April 8, 2012

Angela: TAST Satin Stitch

April 3, 1043...Edward the Confessor was crowned King of England.  This particular image came from this cartoon:
Cartoons are what the designs for embroidery or tapestry are called.  This one was done after the fact as the image is from the Bayeux Tapestry depicting King Edward talking to Harold.  
The Bayeux Tapestry is not really a tapestry as it is not woven but embroidered.  If you have never seen it I urge you to do so.  It is fabulous.  Maybe one day I can view the actual item but for now I have a book that shows the whole thing, all 230 feet on page after page.  It tells the story of the Norman conquest of England and was created around 1070.
I used gold metallic for the crown and scepter and pearl cotton for the back-stitching.
The blue is a single thicker cotton and the russet footstool is pearl cotton.  


10 comments:

Debra Spincic said...

I was wondering how you would address the satin stitch this week. I couldn't visualize an entire satin stitched piece so this is a good alternative. Can you imagine the original source? that must be something!

Connie Eyberg Originals said...

Such a name, Edward the Confessor. Nice satin stitching and yet another good idea for your stitching.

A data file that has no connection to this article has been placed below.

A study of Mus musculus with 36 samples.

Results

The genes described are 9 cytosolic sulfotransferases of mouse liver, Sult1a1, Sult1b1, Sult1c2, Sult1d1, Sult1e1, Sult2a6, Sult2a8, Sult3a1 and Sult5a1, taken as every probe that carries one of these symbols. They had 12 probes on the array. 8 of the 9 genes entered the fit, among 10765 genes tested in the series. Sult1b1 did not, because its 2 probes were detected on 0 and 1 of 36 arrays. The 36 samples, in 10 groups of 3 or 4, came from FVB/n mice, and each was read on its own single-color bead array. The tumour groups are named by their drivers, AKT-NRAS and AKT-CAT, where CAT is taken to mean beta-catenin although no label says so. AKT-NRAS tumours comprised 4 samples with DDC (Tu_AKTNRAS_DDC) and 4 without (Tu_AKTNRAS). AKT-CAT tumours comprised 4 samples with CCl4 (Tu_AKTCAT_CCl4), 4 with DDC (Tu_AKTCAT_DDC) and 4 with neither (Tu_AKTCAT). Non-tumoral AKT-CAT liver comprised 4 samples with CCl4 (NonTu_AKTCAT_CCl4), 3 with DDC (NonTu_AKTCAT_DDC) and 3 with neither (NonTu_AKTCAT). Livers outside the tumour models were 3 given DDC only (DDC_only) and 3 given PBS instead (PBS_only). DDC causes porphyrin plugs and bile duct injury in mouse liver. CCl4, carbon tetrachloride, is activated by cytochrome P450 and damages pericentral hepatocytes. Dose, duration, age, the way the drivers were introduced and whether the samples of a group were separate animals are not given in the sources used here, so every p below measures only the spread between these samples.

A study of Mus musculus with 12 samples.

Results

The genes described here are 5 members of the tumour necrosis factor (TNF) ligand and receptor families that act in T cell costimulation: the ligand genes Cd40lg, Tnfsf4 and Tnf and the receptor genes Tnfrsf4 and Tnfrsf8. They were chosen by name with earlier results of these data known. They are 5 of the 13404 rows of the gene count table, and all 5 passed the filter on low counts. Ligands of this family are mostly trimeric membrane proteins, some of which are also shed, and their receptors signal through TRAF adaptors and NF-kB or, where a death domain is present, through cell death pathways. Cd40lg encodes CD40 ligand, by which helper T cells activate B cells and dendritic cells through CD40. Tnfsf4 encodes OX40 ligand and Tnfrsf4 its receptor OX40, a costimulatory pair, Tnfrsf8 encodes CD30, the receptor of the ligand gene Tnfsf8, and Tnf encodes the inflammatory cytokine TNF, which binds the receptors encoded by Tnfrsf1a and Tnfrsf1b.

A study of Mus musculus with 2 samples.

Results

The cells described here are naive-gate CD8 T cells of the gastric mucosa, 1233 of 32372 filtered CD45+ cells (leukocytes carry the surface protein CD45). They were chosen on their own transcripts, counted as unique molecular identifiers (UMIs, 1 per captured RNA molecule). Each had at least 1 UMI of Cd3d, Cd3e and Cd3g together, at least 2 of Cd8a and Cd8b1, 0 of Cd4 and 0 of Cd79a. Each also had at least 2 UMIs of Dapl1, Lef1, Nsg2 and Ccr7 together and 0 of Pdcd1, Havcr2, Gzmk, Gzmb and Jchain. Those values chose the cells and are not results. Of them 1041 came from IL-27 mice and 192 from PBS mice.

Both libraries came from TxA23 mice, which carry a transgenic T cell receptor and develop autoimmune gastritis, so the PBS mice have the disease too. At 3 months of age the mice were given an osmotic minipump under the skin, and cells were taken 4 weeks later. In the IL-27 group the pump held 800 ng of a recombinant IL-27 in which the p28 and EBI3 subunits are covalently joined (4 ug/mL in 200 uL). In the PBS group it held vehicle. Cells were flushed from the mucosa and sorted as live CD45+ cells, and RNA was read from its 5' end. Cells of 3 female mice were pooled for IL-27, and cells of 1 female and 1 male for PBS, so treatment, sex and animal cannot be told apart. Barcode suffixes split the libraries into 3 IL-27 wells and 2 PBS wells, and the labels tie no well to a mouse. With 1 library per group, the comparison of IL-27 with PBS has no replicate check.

Carol Neale-Broughton said...

Great interpretation using satin stitch and really neat stitching.

ladyhawthorne said...

Sorry for the bad photos, it was late when I finished so no sunlight.

Suztats said...

I like the history of England, and I've heard of the Bayeux Tapestry, and seen some pics of it, but I didn't know about the tapestry term cartoons. I always learn something new from your posts. The satin stitch looks good!

Cy said...

Love the satin stitch and history reminder. I studied the Bayeux Tapestry for a City & Guilds project about 20 years ago. It is a fabulous record of history of the times, and such a great inspirational source, even if some of the subject is a bit 'gruesome'.

Judy S. said...

Fun! I always look forward to your tidbits of history as well as your stitching!

cq4fun said...

What an amazing piece - yours and the one in the book! You did a terrific reproduction.

ladyhawthorne said...

About 20 years ago a lady taught me the needle painting technique she learned at the Royal School of Needlework in England, she's the one who told me about cartoons, until then I didn't know either.

jenclair said...

So cool! I'm a lover of English history and of the Bayeaux Tapestry, of course. If there is one date the kids I taught remember, it should be 1066!

Just a side note, have you read Josephine Tey's The Daughter of Time. A whole new look at Richard III. I re-read it recently and was just as impressed.